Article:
Imagine that you are standing beside a train track. A group of five people is crossing the track. Suddenly you notice a train barrelling uncontrollably towards the group.
There is a fork in the track ahead of the group. Beside you is a lever, which you can pull to divert the train at the fork, saving the lives of the five people. However, there is a single person on the other track, who will be killed if you divert the train. Do you pull the lever to save the group of five, sacrificing one person’s life in the process?
In this scenario of a famous thought experiment first conceived in the 1970s and dubbed “the trolley problem” by Judith Thomson, around 90% of people say ‘yes’. Most people justify their decision on the basis of the resulting outcome: yes, one person dies, but you have saved five people’s lives. The alternative would have been to do nothing, resulting in five people dying.
Now imagine exactly the same scenario: there’s an out of control train, and a group of five people crossing the tracks. But instead of a lever, there is a person standing right beside the track. The only way to stop the train is to push the person in front of it. This will result in this person’s death, but will stop the train from killing the group of five.
What do you do now? In this situation, most people say they would not push the person. And yet, in terms of the outcome, which was how we justified our actions in the first scenario, nothing has changed. One person would be killed to save the life of five.
Many versions of Thomson’s original scenario have been devised by philosophers around the world, and many explanations for our differing reactions have been proposed. But one of the most convincing focuses on a well-known behavioural effect known as ‘omission bias’.
Omission bias describes our inclination to favour omissions (e.g. withholding the truth) over otherwise equivalent commissions (such as deceiving someone). In the first train track scenario, we allow someone to die (an omission); whereas in the second scenario, we have to actively intervene, thereby killing a person (a commission).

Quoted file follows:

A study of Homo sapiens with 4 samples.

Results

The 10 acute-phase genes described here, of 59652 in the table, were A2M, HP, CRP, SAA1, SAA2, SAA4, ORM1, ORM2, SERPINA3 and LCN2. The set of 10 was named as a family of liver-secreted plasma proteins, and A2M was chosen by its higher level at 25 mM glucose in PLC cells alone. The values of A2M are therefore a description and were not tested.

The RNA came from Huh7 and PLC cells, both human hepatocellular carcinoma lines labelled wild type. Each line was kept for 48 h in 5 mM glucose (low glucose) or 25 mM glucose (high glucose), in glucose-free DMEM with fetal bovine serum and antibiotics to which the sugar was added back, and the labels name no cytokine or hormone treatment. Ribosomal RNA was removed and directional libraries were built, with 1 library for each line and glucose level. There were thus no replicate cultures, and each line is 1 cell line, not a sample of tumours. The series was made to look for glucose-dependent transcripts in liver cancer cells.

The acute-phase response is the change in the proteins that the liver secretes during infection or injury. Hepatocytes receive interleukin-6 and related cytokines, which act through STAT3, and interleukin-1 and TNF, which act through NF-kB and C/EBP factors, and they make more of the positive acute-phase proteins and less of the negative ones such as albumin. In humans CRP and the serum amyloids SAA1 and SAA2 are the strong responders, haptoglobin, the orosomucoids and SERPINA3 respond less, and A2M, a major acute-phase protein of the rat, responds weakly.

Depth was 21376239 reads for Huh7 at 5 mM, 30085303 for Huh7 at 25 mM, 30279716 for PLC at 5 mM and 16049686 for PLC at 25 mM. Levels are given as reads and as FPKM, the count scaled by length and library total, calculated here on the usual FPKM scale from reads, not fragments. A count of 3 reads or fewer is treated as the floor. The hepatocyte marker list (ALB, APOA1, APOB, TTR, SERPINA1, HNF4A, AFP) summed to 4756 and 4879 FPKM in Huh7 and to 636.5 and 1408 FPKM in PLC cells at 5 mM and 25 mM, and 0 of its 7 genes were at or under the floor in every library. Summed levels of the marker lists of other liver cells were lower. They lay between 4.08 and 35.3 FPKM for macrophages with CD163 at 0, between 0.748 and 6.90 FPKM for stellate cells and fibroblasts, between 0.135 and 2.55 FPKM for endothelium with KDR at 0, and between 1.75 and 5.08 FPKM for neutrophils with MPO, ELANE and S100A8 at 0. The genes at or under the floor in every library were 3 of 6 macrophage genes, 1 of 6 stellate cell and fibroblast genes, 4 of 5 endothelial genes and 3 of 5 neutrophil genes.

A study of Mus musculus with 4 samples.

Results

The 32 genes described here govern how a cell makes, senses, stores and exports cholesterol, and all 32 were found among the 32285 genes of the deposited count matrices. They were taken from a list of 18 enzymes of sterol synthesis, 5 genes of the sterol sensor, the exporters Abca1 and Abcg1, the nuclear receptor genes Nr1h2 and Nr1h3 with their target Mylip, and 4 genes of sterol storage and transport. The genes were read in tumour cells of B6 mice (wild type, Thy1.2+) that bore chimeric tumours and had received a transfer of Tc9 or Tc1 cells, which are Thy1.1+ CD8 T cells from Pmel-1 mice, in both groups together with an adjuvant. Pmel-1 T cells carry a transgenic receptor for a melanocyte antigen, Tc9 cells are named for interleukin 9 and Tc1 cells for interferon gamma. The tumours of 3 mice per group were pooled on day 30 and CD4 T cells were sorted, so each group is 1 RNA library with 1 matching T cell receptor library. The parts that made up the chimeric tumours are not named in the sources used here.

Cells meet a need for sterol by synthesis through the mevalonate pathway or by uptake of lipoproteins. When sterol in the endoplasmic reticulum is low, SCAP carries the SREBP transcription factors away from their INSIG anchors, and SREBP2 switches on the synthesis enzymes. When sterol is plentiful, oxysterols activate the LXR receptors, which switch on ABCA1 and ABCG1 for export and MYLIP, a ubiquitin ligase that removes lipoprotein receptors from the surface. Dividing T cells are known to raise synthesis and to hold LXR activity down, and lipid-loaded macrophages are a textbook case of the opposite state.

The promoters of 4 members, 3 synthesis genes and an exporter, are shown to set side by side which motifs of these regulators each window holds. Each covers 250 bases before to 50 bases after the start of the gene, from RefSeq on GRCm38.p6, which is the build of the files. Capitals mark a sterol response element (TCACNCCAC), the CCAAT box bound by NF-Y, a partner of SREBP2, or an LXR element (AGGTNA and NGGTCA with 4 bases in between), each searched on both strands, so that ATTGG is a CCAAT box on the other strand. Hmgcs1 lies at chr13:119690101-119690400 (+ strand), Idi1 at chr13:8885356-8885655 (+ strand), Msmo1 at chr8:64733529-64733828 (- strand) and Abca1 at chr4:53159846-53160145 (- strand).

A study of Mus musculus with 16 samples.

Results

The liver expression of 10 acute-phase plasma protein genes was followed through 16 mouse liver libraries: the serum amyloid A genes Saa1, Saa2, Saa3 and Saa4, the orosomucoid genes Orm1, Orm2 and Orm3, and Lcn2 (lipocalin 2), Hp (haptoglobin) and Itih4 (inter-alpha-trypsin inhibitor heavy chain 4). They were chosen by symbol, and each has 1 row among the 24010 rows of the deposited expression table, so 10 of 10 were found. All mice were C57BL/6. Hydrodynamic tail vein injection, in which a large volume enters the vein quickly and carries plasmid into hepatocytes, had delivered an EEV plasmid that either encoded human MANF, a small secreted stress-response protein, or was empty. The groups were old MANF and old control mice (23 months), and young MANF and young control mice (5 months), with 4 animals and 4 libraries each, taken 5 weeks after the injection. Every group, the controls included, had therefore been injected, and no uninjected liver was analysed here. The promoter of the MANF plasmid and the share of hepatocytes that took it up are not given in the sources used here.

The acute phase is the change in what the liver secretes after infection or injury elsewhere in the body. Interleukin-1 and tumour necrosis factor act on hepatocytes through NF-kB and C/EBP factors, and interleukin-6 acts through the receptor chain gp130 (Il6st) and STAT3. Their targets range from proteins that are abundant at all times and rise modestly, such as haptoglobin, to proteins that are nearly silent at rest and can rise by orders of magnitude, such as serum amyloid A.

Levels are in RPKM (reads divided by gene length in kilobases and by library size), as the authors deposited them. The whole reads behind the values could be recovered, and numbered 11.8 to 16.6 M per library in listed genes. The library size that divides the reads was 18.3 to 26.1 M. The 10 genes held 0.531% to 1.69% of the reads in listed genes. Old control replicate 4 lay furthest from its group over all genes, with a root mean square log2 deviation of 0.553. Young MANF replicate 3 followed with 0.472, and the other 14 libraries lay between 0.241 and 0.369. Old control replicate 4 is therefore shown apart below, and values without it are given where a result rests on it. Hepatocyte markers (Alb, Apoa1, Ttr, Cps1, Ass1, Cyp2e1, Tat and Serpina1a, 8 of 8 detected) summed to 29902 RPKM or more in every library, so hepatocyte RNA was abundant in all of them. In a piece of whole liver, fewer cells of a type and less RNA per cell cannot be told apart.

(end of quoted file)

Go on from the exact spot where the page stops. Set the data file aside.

This concept of omission bias doesn’t just elucidate moral dilemmas. It can also help explain many people’s reactions to the recent flood of information about the risks associated with different types of COVID-19 vaccines. This information has often taken the form of comparisons with other activities to put these risks into perspective. The BBC, for example, compared the risk of vaccine side effects to the likelihood of being struck by lightning, or the far greater risk of a fatal car accident.
And while it may seem intuitive to put such abstract risk figures into context, these comparisons miss the crucial distinction between omission (the risk of an accident associated with not taking preventative action) and commission (the risk associated with purposefully engaging in an activity).
As illustrated in the trolley problem, we feel much less responsible for outcomes from our omissions than our commissions.
In the context of COVID-19, this means that we are likely to feel less responsible for any outcomes arising from passively contracting COVID-19 due to non-vaccination, than for any outcomes arising from actively getting vaccinated. This is despite the fact that the risks associated with contracting the virus are much higher than those associated with vaccination.
The key lesson here is a familiar one for behavioural scientists, designers and data analysts the world over. It is that if we want to encourage people to take action, we need to understand the underlying reasons why people might make particular decisions. And once we have done that, we can speak in a language that resonates and build new programmes that go with the grain of how human beings actually think about those decisions, rather than how we imagine they should.